Everyone who has whispered into the corners in front of the Oyster Bar in Grand Central Terminal has experienced what my algebra book calls the ‘focused ellipse’. Judging from my intermittent monitoring of the corners, approximately 140,000 people a year go into the corners as if being punished for some misdeed. What are they doing? Try it yourself and find out, but don’t whisper anything you don’t want the person opposite you to hear.
This is one of four known locations in the world where the acoustics of the room are perfect enough to be able to hear a whisper from a person standing on the diagonal opposite, even with the noise of crowds of people walking through the corridor. The other places are St. Paul’s Cathedral in London, St. Peter’s in Rome, and the National Capital in Washington, DC.
A theory that seems sensible to me is that the people’s heads are at the focus of an ellipse formed by the greater part of the ceiling. It’s true that the actual ceiling slope ends at forehead height but I exaggerated the height of my little drawing to better show the effect. Enter a little geometric algebra.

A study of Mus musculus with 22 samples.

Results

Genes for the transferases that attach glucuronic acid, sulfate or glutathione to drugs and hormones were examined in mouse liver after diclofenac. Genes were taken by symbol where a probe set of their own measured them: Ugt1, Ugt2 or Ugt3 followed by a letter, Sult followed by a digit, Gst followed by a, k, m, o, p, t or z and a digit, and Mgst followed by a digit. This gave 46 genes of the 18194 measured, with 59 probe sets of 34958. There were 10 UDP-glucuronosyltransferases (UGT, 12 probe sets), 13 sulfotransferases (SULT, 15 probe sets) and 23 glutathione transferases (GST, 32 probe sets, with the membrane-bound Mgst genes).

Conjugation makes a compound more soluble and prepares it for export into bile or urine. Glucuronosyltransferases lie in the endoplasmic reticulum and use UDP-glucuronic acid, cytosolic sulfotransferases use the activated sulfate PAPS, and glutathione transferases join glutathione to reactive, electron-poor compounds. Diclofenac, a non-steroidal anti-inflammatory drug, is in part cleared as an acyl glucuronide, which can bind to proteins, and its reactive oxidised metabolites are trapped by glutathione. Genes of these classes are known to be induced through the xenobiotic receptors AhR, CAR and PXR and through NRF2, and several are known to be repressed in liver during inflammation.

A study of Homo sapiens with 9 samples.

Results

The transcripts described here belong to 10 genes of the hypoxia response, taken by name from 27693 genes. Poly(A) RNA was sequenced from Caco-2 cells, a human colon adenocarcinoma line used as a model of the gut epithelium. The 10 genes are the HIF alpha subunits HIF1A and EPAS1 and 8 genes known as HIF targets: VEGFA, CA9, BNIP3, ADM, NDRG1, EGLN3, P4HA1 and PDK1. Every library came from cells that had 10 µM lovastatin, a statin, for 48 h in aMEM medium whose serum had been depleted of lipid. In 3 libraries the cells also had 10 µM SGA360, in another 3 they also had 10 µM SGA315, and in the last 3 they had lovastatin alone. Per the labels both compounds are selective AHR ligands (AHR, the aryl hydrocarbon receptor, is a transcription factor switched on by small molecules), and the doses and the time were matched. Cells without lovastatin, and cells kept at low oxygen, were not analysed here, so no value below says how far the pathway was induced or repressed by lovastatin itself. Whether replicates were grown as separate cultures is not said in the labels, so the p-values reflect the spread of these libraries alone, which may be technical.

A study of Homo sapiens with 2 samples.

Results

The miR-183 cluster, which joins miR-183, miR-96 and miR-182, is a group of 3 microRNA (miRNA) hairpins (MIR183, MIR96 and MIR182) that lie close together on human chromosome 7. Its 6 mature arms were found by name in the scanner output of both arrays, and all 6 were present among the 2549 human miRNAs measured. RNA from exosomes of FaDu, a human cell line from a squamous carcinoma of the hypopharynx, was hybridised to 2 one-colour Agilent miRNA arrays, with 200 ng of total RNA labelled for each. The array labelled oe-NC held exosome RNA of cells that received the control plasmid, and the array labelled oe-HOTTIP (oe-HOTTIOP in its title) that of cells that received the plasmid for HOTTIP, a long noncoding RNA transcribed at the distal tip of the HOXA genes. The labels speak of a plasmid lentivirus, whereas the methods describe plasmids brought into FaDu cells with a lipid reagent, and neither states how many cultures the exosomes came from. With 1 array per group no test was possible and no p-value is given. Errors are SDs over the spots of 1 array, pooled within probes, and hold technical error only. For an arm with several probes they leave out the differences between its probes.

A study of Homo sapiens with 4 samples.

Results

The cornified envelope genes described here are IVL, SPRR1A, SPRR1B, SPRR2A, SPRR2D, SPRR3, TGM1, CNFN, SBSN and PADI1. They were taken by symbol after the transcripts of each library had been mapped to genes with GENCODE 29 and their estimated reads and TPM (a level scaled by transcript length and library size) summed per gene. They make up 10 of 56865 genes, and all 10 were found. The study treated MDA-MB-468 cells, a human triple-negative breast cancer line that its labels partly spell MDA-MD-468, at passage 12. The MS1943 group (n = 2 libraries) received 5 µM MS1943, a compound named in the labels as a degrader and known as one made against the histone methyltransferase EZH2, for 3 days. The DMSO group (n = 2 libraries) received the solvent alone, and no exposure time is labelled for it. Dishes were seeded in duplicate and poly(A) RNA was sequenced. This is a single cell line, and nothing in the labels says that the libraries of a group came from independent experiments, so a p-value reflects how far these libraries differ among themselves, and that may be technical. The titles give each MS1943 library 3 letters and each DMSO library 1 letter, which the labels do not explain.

It’s easiest for me to think of a room shaped like an ellipse. Imagine that two people are in this room. They both are throwing balls at each other, first bouncing them off of a wall. They find out that if they both stand at a certain spot toward the end of the ellipse, they can hit the other person on every throw, no matter which location on the wall they bounce the ball off of. Also, the paths are exactly the same length, regardless of where they are. The name for this spot is the focus and each ellipse has two focuses.
Flip this room on its side and bounce sound waves off of the walls instead of balls, add a floor and short walls, and you have the ‘whisper room’ at Grand Central.
So, if you’re in NYC, remember: Grand Central Terminal, Oyster Bar, Whisper Room -Must Do. I looked all over the internet for an explanation to this phenomenon. I found dozens of sites that mention the room and merely say that the sound follows the contours of the ceiling. Really? I like my explanation better.